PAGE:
Wednesday, 28 March 2007

Non est mea culpa

It is increasingly commonplace for First Great Western to be blamed for all manner of ills which are completely outside of their control – but blaming the company for overcrowding on another operator’s service is simply nonsensical. Nevertheless, that’s exactly what Councillor David Unwin of Bridgend Council has done in a letter to Alison Forster.

Mr Unwin complains that the removal of a First Great Western train has created severe pressure on at least one of Arriva Trains Wales’ services. While there may well be some truth in the statement, Mr Unwin fails to see the matter in context and his analysis of the situation is intellectually pitiful.

First of all, FGW does not have complete control over its timetable and any cuts to services will have been mandated, or at least rubber stamped, by the Department for Transport. But that’s not the real issue here: the real issue is the unequal relationship between Arriva Trains Wales and First Great Western.

Compare the two.

Arriva is subsidised by the Welsh Assembly Government; it is able to run unprofitable services without concern for its overall financial stability. First Great Western is a commercial entity that receives no subsidy from the Assembly or, over the course of the franchise, from the UK government – indeed, it has to pay back over £1bn in premium payments.

Arriva is paid by the Welsh government to run a service for Welsh passengers: this duty of service, regardless of commerciality, is a condition of it accepting subsidy. First Great Western, while it wants to provide a good service, has no such duty: it cannot be expected to run unprofitable services just because councillors – or Arriva – want them to.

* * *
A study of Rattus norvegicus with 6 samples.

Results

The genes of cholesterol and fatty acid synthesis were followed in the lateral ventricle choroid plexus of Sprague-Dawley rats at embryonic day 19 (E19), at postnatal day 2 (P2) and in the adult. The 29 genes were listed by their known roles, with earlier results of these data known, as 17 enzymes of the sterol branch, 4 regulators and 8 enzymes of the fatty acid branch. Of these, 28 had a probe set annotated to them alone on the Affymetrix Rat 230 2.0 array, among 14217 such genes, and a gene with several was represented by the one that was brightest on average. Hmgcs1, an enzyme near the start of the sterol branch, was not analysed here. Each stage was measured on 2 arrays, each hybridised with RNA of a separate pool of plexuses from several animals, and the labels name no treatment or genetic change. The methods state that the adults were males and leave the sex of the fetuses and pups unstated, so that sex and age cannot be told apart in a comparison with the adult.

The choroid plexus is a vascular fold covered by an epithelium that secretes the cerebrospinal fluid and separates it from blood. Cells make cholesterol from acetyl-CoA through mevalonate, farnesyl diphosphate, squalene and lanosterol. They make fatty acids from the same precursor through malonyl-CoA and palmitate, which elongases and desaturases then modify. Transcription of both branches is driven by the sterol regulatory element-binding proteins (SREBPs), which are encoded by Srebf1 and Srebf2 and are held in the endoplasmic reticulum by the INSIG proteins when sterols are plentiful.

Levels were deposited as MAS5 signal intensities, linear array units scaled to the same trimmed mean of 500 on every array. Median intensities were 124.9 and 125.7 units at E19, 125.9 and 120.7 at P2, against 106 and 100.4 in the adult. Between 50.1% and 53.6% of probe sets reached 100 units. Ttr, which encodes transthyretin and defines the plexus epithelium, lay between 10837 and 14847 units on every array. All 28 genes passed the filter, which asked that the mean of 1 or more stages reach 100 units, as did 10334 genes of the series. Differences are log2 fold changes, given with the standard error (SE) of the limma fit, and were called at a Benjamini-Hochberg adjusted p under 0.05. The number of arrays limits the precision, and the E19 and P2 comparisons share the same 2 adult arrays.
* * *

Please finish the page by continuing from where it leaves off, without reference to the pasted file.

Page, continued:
Arriva, by receiving subsidy, is able to distort the market. It takes a share of passenger income from the Welsh Market which, under normal commercial conditions, it would not be able to profitably service. First Great Western is deprived of at least some of this income and this, in turn, makes it less attractive for them to add services or capacity.

Yet, despite all of these considerations, when it comes to the issue of overcrowding on Arriva’s trains it is First Great Western – the private company running without government assistance – that is blamed. A double standard is clearly in operation.

Why do Councillor Unwin and his friends expect First Great Western, at their own expense, to provide services without regard to their commercial feasibility when they do not expect the same thing of Arriva? Why do Councillor Unwin and his friends not direct criticism at Arriva which is, after all, paid by the state to provide a good service to passengers? Why do Councillor Unwin and his friends not look to the Welsh Assembly government to sort out the anomalies in subsidy payments given to train services in Wales?

The answer is simple: for intellectually lazy politicians, it is easier to grab a headline by blaming First Great Western than it is to properly analyse the situation and report the truth.

1 comment:

Anonymous said...

having travelled on both first great western and arriva, first is a much better service -amazing that arriva receive a subsidy to provide such a rubbish service!